House Overwhelmingly Approves 21st Century Cures Package

    Tannaz Rasouli, Sr. Director, Public Policy & Strategic Outreach

    The House of Representatives Nov. 30 approved, by a vote of 392-26, the 21st Century Cures Act (H.R. 34), which includes new funding for the National Institutes of Health (NIH) and Food and Drug Administration (FDA), as well as mental health provisions and other hospital and health care provisions.

    AAMC President and CEO Darrell Kirch, MD, sent a letter of support to House leaders and released a statement following the passage of the bill, urging the “Senate to pass this critical legislation.” Dr. Kirch also noted that the “bill recognizes the importance of more funding for the National Institutes of Health (NIH), reducing the administrative burden for medical researchers, and the role of socioeconomic status—SES—in the Medicare hospital readmissions reduction program,” adding that the new funding for NIH is meant to “supplement—not supplant—increases to the base NIH budget.”

    The bill establishes an “Innovation Account” for specific initiatives at the NIH and the FDA. The bill provides $500 million for initiatives at the FDA. For NIH, the bill provides $4.796 billion, including:

    • $1.455 billion for the Precision Medicine Initiative;
    • $1.511 billion for the Brain Research through Advancing Innovative Neuroethologies  (BRAIN) Initiative;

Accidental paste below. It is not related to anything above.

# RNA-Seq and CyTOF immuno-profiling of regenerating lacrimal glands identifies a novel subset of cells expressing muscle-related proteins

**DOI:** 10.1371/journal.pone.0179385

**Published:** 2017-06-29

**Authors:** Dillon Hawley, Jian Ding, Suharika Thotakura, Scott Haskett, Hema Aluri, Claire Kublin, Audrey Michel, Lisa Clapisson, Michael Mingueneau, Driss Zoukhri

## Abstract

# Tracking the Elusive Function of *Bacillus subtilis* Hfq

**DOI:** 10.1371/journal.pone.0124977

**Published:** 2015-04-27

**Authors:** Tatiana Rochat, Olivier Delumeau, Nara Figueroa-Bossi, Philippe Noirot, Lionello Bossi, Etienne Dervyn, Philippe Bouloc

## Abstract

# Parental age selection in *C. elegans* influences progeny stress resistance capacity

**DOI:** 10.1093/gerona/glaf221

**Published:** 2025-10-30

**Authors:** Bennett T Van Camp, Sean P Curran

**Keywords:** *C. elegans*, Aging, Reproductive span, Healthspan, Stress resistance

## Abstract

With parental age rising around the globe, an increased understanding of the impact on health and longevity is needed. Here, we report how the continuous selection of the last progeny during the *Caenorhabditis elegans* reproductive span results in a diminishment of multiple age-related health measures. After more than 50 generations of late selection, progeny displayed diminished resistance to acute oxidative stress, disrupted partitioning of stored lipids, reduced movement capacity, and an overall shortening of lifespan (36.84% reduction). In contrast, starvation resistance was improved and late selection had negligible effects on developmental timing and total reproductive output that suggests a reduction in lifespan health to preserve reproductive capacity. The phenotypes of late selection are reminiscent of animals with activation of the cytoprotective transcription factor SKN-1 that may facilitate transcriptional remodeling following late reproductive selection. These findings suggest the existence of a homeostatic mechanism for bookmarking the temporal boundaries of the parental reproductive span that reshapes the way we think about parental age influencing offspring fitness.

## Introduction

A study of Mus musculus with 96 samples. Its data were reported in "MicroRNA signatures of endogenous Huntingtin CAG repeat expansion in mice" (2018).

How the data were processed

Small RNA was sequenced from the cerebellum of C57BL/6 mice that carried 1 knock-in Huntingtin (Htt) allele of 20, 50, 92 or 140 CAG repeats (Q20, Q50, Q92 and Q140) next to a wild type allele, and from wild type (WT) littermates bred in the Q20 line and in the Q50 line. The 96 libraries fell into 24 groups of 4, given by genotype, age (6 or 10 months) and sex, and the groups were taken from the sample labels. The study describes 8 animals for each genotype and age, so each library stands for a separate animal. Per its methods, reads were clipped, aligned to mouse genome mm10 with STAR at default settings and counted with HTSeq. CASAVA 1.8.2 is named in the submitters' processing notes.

• $1.8 billion for the Cancer Moonshot Initiative; and
    • $30 million for clinical research to advance regenerative medicine using adult stem cells.

    In addition to the new funding for NIH and FDA, the bill includes provisions to address health disparities, data collection, and young researchers. This bill also would implement many of the recommendations of the National Academies of Sciences, Engineering, and Medicine report Optimizing the Nation’s Investment in Academic Research: A New Regulatory Framework for the 21st Century: Part 1, which would reduce the administrative burden on researchers.

    The bill also incorporates socioeconomic status (SES) into the Medicare Hospital Readmissions Reduction Program (HRRP). Further, the bill exempts off-campus teaching hospital outpatient departments (HOPDs) that either attested that the regulatory requirements were met prior to Dec. 2, 2015, or were “mid-build” upon passage of the Bipartisan Budget Act of 2015 (P.L. 114-74) from so-called “site-neutral” payment policies. It also provides $1 billion for states to support opioid abuse prevention and response efforts.

    House Energy and Commerce Committee Chairman Fred Upton (R-Mich.) and Ranking Member Diana DeGette (D-Colo.) noted that “21st Century Cures is the innovation game-changer that patients, their loved ones, and the nation’s researchers and scientists so desperately need.” Speaker of the House Paul Ryan (R-Wis.) added, “With this bill, we are laying the groundwork for medical breakthroughs that will help countless Americans suffering from what today are considered incurable diseases.” The White House Nov. 29 issued a Statement of Administration Policy, noting that the administration “strongly supports” the package.

    The AAMC-led Ad Hoc Group for Medical Research Nov. 29 issued a statement, noting that the bill “provides a meaningful injection of funds for lifesaving biomedical research.”

    The Senate is expected to consider and approve the bill early next week.